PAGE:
Stocks Shrug Off Virus Worries, Log Weekly Gains

By Avantika Chilkoti and Alexander Osipovich

U.S. stocks climbed Friday, ending the week with gains, as investors brushed off worries about a fresh wave of coronavirus infections and its impact on the economic recovery.

The Dow Jones Industrial Average advanced 369.21 points, or 1.4%, to 26075.30. The blue-chip index got off to a wobbly start, briefly turning negative after the opening bell, before rebounding and rallying into the close.

The S&P 500 rose 32.99 points, or 1%, to 3185.04. The Nasdaq Composite climbed 69.69 points, or 0.7%, to 10617.44, a fresh record for the technology-heavy index.

All three indexes were positive for the second consecutive week, even as new coronavirus cases in the U.S. repeatedly hit fresh records.

Still, there are signs investors remain jittery. Asian stocks sold off, briefly sending investors rushing to seek shelter in government bonds.

The yield on the benchmark 10-year U.S. Treasury note fell as low as 0.571%, its lowest level in more than two months. It bounced back after the U.S. stock market opened and settled at 0.633%, up from 0.605% on Thursday. Bond yields move in the opposite direction from prices.

"At some stage you accept the reality that Covid hasn't gone away, that it's going to have an impact on all economies in terms of social distancing until we have a vaccine," said Brian O'Reilly, head of market strategy for Mediolanum International Funds.

Markets have been resilient in part because investors expect further support from the U.S. Federal Reserve if the pandemic begins to slow the economy again, said Scott Martin, chief investment officer of Kingsview Wealth Management.

"The market is still largely addicted to stimulus," Mr. Martin said. "Markets are able to take the coronavirus news in stride because of this backstop."

Financials were the S&P 500's best performers Friday, rising 3.5% in a sign that risk-seeking investors were snapping up economically sensitive stocks. Among the largest banks, Citigroup rallied the most, with its share price jumping $3.20, or 6.5%, to $52.65.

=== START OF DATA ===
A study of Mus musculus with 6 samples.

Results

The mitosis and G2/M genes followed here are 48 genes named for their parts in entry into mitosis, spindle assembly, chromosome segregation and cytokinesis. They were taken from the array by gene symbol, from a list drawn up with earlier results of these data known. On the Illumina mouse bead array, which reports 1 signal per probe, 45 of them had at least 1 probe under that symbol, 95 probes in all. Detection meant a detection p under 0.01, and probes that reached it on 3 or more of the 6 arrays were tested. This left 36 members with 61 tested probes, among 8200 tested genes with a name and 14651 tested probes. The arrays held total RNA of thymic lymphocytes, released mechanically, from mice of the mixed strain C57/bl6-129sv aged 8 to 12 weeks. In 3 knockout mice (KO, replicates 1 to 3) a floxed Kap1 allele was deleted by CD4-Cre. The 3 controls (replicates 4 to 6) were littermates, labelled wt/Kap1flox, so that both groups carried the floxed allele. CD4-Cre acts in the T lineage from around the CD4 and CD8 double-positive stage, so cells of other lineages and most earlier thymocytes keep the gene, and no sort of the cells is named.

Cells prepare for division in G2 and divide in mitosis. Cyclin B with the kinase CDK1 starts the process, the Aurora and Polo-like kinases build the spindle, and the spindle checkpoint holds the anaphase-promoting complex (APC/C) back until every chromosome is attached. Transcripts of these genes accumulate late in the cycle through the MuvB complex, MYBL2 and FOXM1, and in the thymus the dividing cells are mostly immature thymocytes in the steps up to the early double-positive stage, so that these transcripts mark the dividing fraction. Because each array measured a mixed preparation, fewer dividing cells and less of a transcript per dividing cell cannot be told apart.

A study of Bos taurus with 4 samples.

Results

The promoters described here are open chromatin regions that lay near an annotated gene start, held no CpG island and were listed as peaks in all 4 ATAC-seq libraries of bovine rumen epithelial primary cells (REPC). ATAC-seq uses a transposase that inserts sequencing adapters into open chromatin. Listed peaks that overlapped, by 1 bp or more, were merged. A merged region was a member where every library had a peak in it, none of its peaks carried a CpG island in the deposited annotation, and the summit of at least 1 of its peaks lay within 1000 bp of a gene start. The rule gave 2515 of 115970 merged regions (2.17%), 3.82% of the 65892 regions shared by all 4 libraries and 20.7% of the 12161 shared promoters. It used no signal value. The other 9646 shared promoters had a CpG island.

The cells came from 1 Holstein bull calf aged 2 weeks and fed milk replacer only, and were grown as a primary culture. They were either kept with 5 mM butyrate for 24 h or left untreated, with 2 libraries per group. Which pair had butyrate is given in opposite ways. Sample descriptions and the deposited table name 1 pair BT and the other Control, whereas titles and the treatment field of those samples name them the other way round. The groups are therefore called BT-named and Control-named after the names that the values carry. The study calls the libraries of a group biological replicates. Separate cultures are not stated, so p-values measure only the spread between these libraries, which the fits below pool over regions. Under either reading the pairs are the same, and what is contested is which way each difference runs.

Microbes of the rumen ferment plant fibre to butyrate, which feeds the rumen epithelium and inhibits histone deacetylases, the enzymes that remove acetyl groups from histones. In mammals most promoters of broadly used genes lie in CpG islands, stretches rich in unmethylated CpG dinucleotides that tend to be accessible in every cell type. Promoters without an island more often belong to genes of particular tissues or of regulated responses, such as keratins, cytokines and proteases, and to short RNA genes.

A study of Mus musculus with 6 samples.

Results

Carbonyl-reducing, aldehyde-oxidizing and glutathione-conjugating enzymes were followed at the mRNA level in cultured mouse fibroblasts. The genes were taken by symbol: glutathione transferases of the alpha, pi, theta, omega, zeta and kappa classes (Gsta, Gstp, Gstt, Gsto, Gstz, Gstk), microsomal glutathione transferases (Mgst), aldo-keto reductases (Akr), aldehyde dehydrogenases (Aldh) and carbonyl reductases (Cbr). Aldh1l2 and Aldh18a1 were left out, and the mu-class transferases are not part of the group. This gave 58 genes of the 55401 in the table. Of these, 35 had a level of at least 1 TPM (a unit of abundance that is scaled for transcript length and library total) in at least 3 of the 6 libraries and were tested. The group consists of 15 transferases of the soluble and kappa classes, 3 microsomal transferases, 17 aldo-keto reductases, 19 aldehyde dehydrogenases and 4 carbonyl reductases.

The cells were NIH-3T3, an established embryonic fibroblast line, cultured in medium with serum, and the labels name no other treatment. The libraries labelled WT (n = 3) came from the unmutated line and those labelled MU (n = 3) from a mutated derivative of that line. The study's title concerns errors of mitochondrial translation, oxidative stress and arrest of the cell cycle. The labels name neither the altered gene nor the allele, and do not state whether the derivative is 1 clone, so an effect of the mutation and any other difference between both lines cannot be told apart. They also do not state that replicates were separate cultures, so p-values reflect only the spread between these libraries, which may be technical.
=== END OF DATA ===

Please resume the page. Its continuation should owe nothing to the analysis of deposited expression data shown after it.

Energy stocks also outperformed, boosted by an uptick in oil prices. U.S. crude futures rose 2.3% to settle at $ 40.55 a barrel.

Technology and health-care stocks in the S&P 500, which have performed strongly this year, were the only sectors to close in negative territory.

Shares of Carnival rallied $1.58, or 11%, to $16.16 after the cruise operator said it would reduce its fleet by nine ships to conserve cash. United Airlines Holdings, another stock that has been beaten down by the pandemic, jumped $ 2.50 a share, or 8.3%, to $32.67.

BioNTech, a German biotech firm that has joined with Pfizer to develop a coronavirus vaccine, rallied after its chief executive told The Wall Street Journal that early data for its vaccine was promising and it could seek regulatory approval by the end of the year. American depositary receipts of BioNTech climbed $4.75, or 7.2%, to $70.36.

Overseas, European stocks posted gains, with the Stoxx Europe 600 index rising 0.9%. Asian markets were mostly lower as China's recent market rally lost steam.

In China a streak of stock market gains ended Friday, with the Shanghai Composite Index closing 2% lower. It had risen 16.5% over eight straight sessions of gains, the biggest eight-day percentage gain since March 2008, according to Dow Jones Market Data.

Perhaps seeking to avoid a repeat of the stock market bubble and bust of 2015, Chinese authorities have signaled concerns about overshooting, with a state-run financial newspaper stressing the importance of long-term investment.

Friday's fall may have been propelled by actions by state-owned investors. Filings showed that big players such as the National Council for Social Security Fund had unloaded stocks, according to Alvin Ngan, strategist at Zhongtai International Holdings, a Hong Kong-based brokerage.

"The cooling tone from the authorities could take some of the sheen off the frenetic market, " he said.

Xie Yu contributed to this article.

Write to Avantika Chilkoti at Avantika.Chilkoti@wsj.com and Alexander Osipovich at alexander.osipovich@dowjones.com


  (END) Dow Jones Newswires
  07-10-20 1646ET
  Copyright (c) 2020 Dow Jones & Company, Inc.